Metropolitan Transportation Commission
The Metropolitan Transportation Commission (MTC) is the agency responsible for the planning, financing and coordination of transportation throughout the nine-county San Francisco Bay Area. Created in 1970, MTC functions as both the regional transportation planning agency (a state designation) and for federal purposes, the region's metropolitan planning organization (MPO). MTC is responsible for the Regional Transportation Plan, a comprehensive strategy for the development and maintenance of local streets and roads, as well as highway, transit, airport, seaport, railroad, bicycle and pedestrian facilities.
MTC policy is directed by 19 commissioners, 14 of whom are appointed by local elected officials. Two members represent regional agencies: the Association of Bay Area Governments (ABAG) and the Bay Conservation and Development Commission (BCDC). Three non-voting members also have been appointed to represent federal and state transportation agencies and the U.S. Department of Housing and Urban Development.
Over the years, state and federal laws have given MTC an increasingly important role in financing Bay Area transportation improvements. With the authority over the Bay Area's transportation purse strings has come the duty to maximize the efficiency of the region's complex transportation system-which is owned and operated by scores of different agencies, and includes hundreds of different facilities, ranging from sidewalks to jet runways. To this end, MTC has formed strong organizational links such as the Bay Area Partnership, a coalition of some three dozen federal, state, regional and local institutions responsible for transportation and environmental quality in the Bay Area.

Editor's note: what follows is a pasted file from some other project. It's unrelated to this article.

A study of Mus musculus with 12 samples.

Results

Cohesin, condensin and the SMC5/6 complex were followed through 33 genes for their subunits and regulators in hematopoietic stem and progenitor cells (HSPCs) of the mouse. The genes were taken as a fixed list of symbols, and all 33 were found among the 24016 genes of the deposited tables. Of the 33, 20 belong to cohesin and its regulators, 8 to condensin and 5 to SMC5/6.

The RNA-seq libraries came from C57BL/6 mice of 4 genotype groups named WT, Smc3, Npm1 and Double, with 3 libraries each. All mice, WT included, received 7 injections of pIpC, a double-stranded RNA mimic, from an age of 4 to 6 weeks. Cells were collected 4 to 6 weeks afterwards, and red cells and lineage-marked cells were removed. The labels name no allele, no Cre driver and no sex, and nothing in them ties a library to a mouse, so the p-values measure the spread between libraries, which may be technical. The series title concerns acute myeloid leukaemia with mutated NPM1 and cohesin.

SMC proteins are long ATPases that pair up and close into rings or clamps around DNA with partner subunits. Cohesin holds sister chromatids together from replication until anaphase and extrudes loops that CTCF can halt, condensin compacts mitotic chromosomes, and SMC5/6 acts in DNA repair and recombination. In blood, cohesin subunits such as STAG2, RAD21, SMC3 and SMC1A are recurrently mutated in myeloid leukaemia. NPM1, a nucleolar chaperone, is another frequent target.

Development and deployment of the 511 service are the result of a similar partnership between MTC; the California Highway Patrol (CHP); the California Department of Transportation (Caltrans); dozens of public transit and paratransit operators; and two entities that MTC contracts with: a consortium of engineering, telecommunications, design and marketing firms led by PB Farradyne Inc. and PBQD, which operates the Bay Area's regional rideshare program, and provides information on carpooling, vanpooling and bicycling options to the 511 system.
The information the public gets through 511 is only as good-and as fresh-as the data MTC's partners deliver. So the 511 partnership relies on the CHP and Caltrans to constantly update vital information about traffic conditions, accidents, road closures, delays and other incidents affecting motorists on Bay Area freeways, expressways and other major thoroughfares. The 511 partnership similarly calls on the region's transit and paratransit operators to provide timely and accurate information about their routes, schedules, fares-and to alert callers and Web users of any service changes or interruptions.